Why Trust Is Important To Non-profit Organizations

Why building trust is important to NGOs

Many non-profit experts agree that trust is a very important element in successfully running a non-profit organization. Organizations with a transparent culture are more likely to attract loyal employees while organizations that still make clandestine transactions part of their culture, attracts untrustworthy employees. Those employees are likely to jump ship when the going gets tough.

A report compiled by Deloitte reveals the following:

      • 30% of American employees plan to look for a job when the economy turns around
      • 48% of the group mentioned above cite a loss of trust in their employer as the reason, and
      • 65% of Fortune 1000 executives believe trust will be a factor in voluntary employee turnover in the near future.

This report indicates that profit organizations spend billions to secure their consumer’s loyalty but fail in winning their employees’ trust. This extends to non-profit organizations that tend to focus more on training executives on Ethics and Integrity, but fail to implement them in their activities.

Tweet this:  A non-profit organization with a tainted image will always struggle to raise funds

A non-profit organization with a tainted image will always struggle to raise funds as negative reports are hardly forgotten by people.  An example of this is the recent Koin report on a non-profit executive who pleaded guilty to embezzling $200k from the Oregon Association for Career and Technical Education (OACTE), also known as Oregon ACTE Inc.  She apparently had direct access to all OACTE’s financial records, bank accounts, PayPal account and purchase records. The embezzlement is reported to have happened in 2009 and investigators managed to find tangible evidence to charge her.

The investigation revealed that the accused and her husband used the stolen money for ATM withdrawals (cash), grocery purchases, vacation expenses, and paying personal bills.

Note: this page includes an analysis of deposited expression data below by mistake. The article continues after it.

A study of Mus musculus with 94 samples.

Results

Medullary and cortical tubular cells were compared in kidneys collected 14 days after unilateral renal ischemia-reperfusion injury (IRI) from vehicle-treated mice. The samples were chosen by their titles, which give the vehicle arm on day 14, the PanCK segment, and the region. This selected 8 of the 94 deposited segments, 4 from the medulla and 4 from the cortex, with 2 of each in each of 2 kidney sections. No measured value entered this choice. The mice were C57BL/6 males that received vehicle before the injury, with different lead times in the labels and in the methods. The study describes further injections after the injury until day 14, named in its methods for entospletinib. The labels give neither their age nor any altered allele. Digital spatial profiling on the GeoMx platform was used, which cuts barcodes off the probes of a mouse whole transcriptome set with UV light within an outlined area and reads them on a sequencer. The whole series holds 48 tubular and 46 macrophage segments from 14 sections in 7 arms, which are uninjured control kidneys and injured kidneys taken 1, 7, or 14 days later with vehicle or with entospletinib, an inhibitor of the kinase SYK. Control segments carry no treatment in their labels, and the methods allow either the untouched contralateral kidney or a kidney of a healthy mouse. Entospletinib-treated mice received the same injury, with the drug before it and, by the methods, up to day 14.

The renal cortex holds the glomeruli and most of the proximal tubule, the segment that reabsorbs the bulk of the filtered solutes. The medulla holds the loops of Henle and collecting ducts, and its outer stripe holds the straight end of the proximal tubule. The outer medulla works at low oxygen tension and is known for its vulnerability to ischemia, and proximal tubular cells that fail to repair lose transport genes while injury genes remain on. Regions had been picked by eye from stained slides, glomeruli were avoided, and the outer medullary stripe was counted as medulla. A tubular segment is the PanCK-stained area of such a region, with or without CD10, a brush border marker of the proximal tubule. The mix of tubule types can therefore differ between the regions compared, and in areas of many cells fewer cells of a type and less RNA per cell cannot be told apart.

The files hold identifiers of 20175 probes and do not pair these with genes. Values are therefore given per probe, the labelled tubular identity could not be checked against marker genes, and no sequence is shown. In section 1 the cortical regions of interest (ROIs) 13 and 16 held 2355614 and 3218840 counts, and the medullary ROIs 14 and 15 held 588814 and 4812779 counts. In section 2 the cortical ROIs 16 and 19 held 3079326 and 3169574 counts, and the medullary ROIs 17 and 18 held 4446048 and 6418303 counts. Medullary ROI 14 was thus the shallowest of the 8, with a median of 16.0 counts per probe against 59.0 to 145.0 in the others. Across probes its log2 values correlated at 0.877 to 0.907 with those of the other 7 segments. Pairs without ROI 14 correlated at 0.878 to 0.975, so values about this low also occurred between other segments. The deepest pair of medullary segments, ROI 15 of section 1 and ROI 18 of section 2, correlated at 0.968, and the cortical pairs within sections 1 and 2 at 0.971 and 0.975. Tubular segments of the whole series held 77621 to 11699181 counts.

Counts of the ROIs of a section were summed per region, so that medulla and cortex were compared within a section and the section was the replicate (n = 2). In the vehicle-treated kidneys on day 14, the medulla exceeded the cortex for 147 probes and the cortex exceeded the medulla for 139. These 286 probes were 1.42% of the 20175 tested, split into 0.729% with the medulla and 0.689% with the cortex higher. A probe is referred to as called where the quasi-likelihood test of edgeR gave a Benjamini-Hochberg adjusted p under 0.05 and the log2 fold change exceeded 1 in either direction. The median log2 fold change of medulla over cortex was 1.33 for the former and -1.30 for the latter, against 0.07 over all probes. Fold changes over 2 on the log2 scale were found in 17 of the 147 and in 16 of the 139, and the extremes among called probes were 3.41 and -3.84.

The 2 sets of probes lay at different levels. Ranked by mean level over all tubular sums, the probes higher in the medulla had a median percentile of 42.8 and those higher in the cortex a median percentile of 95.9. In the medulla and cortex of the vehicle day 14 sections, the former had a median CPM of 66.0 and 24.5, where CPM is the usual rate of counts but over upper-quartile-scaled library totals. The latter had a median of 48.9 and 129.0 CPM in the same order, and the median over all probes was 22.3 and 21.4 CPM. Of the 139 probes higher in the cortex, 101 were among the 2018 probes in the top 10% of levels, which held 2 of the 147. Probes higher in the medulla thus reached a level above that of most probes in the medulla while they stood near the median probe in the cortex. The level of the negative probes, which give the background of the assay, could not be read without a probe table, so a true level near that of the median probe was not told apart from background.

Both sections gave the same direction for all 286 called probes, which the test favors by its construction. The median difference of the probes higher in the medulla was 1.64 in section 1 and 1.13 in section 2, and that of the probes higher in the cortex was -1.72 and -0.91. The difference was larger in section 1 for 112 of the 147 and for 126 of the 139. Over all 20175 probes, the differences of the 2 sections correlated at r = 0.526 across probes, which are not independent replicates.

There are many similar negative reports involving millions with some non-profit executive reportedly getting away scot-free. Such reports have caused donors to be cautious about who they fund.

Lack of trust has resulted in a delay in issuing NGO- certificates in other countries as vigorous checks have to be done.

Trust is important for securing funds

Tough economic times can force non-profit organizations to come up with alternative ways to raise g funds, sometimes even adopting profit-driven sector practices. An example of this is a non-profit gift shop that serves as a source for raising funds- this initiative is seen as a turnaround from charity work to making a profit.

NGOs should avoid running their organizations like profit-businesses and remember that theirs is a non-profit line. Donors trust organizations geared towards doing good with the little resources they have access to.

Unethical conduct erodes trust

Non-profit organizations are expected to follow a code of conduct that lays down all points of principle each employee should adhere to. The code of conduct is used to ensure that all activities are done in accordance with the non-profit’s standards.

Following a code of conduct builds trust. Donors and the bigger community will know that funds are handled by principled and trusted people.

Spending responsibly builds trust

It’s important for non-profit organizations to know how much their organization spends. This will not only enable them to spend within budget but also forecast future costs. A non-profit organization such as UNAIDS with a plan to provide access to medicine to all HIV-infected people by the year 2030, forces any NGO implementing this plan to spend funds responsibly.

Paper-based systems hamper responsible spending. These systems are mostly used for clandestine illegal activities, hence any non-profit still using a paper-based system cannot be fully trusted by donors.

Transparency has become a fundamental element when serving community needs. It’s the organization’s responsibility to cultivate transparency across all aspects of their organization.

Humentum believes that non-profit organizations should increase trust by keeping their risks low.

R      Report fraud to a senior member of staff or board member

I       Investigate all incidents to gather facts and evidence

S      Secure assets and records

K     Keep calm!

S      Swiftly act

Organizations with managers without any control over project expenses are likely to waste funds. gives you the needed control and the opportunity to end wasted expenses.